On a cold, gray day in November of 2013, I walked with my younger brother down a quaint street in Wilmington, Delaware. Regarding all things tech, my brother is the nerd of nerds, and on this day he was describing all of the ways he could think of to incorporate 3D printing into my classroom.
In that moment I kind of brushed him off, but something he said stuck with me. He mentioned that he had heard about MakerBot working with DonorsChoose.org to get 3D printers into classrooms. I generally seek the leading edge of things being tried in the classroom, so I was intrigued, but in that moment I had little capacity to act on the idea.
Several months after our chat, the idea of bringing 3D printing to my school was still rolling around in my brainpan, so I decided to check it out. By my calculations I had nothing to lose by putting up a DonorsChoose.org campaign. If successful, I’d have a shiny, new printer headed to my classroom. If unsuccessful, I would have raised money for some other teachers.
On March 28, 2014, I created Making the Body, my first DonorsChoose.org project. The project’s stated fundraising goal was $2,637. Once launched, the first $1,000 came in easily, and it was mostly contributed by family and friends. As the first wave of donations slowed to a trickle, I made a push to my professional network that netted another $800 or so. Then I was stuck, really, I had no idea where the last $800 was going to come from.
So the campaign sat, lonely and untouched, for close to two months. With three weeks left in our allotted fundraising period, I had all but given up hope for scratching together the remaining funds. Then I got a notification. Two-hundred dollars had just been contributed by a person that I did not know, then another $25, and another $50. Donations started rolling in from across the country; given by people I didn’t know, but that had been compelled to pitch in. The remaining balance for my project came in over the course of a couple days right as our timeline was drawing to a close.
In August 2014, a giant box bearing my name arrived at the school.
I’d seen a couple of projects done in other classes, but I wasn’t particularly compelled by any of them. In my search for inspiration I ran across e-NABLING the Future, an organization that links 3D designers with people that have 3D printers in an effort to provide prosthetic hands for children in need.
I thought, “My students 3D printing and building prosthetic hands for kids who are missing some or all of their fingers? Win!” Never mind the fact that I had never used a 3D printer, my students had never heard of a 3D printer, and we would be responsible for producing actual prosthetics hands for kids with real needs. What could go wrong?
I reached out to e-NABLING the Future and within a couple of weeks they had matched my class with three children: one in Ohio, one in California, and one in North Carolina. On the first day of the project I gave each of the teams a file introducing them to the kid that they would be building a hand for.
Immediately they were hooked, leaping head first into crafting carefully worded emails to families, learning how to use 3D printing software, and wrestling with the quirks of our printer.
I’d love to say that all went smoothly, but there were many lessons in perseverance and problem solving along the way. Through the project my students felt the crushing disappointment of walking in to find that the printer had inexplicably stopped after completing 19 hours of a 20-hour build; together we contacted families to explain that delivery of their hand would be delayed because our printer had broken; and I learned to let students feel the weight of the responsibility that comes through projects that actually impact the lives of other people.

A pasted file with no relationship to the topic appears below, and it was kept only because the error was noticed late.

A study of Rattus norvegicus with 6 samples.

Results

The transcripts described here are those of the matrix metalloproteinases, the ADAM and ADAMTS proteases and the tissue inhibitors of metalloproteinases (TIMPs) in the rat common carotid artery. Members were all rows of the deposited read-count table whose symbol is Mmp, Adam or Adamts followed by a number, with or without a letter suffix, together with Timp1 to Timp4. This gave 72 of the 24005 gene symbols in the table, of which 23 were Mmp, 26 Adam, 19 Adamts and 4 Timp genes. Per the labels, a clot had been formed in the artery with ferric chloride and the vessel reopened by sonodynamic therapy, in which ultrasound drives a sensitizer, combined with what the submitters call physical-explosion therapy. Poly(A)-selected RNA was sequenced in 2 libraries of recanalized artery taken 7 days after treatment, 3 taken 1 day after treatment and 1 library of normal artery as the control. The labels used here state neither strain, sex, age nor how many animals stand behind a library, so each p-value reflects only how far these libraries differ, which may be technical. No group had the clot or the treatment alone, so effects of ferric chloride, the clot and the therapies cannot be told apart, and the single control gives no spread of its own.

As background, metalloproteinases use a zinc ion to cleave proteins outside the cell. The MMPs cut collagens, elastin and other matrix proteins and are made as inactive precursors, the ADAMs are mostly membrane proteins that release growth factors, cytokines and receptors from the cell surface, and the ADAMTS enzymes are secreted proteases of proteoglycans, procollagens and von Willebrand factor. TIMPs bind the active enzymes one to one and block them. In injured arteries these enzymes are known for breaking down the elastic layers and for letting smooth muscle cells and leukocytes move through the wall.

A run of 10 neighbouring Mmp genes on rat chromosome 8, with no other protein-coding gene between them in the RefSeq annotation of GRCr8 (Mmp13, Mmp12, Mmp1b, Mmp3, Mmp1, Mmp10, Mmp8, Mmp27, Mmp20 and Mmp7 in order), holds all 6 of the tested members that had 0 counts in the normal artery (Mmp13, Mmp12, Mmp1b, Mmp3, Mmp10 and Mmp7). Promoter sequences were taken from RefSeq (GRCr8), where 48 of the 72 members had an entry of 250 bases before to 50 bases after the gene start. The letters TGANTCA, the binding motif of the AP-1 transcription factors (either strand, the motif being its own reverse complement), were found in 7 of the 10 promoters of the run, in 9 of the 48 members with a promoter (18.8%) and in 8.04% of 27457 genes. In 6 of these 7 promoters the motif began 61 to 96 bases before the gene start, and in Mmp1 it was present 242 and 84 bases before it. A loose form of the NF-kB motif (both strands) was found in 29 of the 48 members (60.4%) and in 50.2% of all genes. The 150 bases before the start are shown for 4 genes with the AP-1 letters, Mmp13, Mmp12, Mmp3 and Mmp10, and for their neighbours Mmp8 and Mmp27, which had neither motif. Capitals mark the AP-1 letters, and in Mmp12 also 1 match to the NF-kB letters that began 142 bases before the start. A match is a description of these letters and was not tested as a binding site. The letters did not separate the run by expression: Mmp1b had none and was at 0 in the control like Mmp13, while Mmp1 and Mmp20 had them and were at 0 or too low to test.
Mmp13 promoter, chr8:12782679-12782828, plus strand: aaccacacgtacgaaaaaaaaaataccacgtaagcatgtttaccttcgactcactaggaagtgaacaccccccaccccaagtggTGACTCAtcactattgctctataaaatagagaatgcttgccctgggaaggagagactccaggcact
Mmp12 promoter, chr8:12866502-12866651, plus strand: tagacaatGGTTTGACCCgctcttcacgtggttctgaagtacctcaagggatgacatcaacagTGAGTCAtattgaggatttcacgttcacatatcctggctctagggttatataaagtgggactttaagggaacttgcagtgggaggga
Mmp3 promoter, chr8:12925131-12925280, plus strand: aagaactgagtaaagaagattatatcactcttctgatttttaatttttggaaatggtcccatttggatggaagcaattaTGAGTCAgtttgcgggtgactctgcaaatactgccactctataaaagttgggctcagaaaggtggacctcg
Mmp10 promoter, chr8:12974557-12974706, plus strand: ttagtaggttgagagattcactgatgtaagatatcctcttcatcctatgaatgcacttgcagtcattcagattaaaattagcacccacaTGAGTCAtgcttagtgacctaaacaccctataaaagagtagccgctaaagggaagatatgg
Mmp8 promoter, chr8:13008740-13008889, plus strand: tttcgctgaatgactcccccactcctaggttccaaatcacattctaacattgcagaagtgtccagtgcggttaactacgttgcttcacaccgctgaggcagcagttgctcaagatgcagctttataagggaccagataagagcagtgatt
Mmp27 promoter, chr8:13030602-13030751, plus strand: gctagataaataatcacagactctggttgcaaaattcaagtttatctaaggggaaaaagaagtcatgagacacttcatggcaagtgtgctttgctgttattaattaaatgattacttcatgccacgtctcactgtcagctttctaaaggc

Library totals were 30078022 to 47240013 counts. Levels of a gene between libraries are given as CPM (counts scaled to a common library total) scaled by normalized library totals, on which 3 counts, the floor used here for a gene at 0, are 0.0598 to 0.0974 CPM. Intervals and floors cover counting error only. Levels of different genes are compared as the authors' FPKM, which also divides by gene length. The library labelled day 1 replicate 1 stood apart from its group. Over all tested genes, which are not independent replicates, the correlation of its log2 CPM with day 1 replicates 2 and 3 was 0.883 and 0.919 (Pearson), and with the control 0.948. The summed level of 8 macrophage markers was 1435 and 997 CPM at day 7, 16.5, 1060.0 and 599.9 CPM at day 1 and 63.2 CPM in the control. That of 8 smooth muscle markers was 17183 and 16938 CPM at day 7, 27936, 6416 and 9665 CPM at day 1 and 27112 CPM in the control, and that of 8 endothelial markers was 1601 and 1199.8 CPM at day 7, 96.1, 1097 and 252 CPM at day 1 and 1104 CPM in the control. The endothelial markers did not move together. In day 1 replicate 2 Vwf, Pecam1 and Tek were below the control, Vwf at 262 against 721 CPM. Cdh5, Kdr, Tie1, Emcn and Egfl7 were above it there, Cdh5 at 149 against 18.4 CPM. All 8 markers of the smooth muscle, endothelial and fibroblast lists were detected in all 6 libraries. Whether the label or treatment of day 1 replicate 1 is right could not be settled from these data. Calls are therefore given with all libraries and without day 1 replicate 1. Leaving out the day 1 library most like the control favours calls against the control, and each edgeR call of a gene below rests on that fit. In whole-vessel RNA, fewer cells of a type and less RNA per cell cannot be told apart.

After two months, five news reporter visits, and countless media articles, we finally shipped four prosthetic hands off to their eager recipients.The fifth hand had been built for a boy that lived just a few miles down the road. He and his family had the opportunity to visit the class to see his hand in process, and they were able to come to the school to take personal delivery of the finished product.
On that day, I watched with swelling pride as two senior girls presented a young boy with a prosthetic hand that would change his life. In that moment there were few dry eyes in the room. One of the girls would tell me later, “Mr. Kite, when I am old and have forgotten everything, I hope I remember this project.”
I could wax poetic about the myriad lessons I learned from this project, but none are more important than this: make learning real for your students. The admonition to help students connect their learning to their world has become trite, but that doesn’t make it untrue.
By saddling students with the responsibility of producing a product that had a concrete impact on the life of another person, I removed their escape hatch. The students were well aware that their failure to complete the project would mean that a child would not receive a hand. Obviously, it is impossible to make every classroom project this consequential, but the lesson is universally applicable.
Students who understand that the product they are producing is to be seen and interacted with by people beyond the walls of the classroom automatically work harder, produce better products, and more fully internalize the content.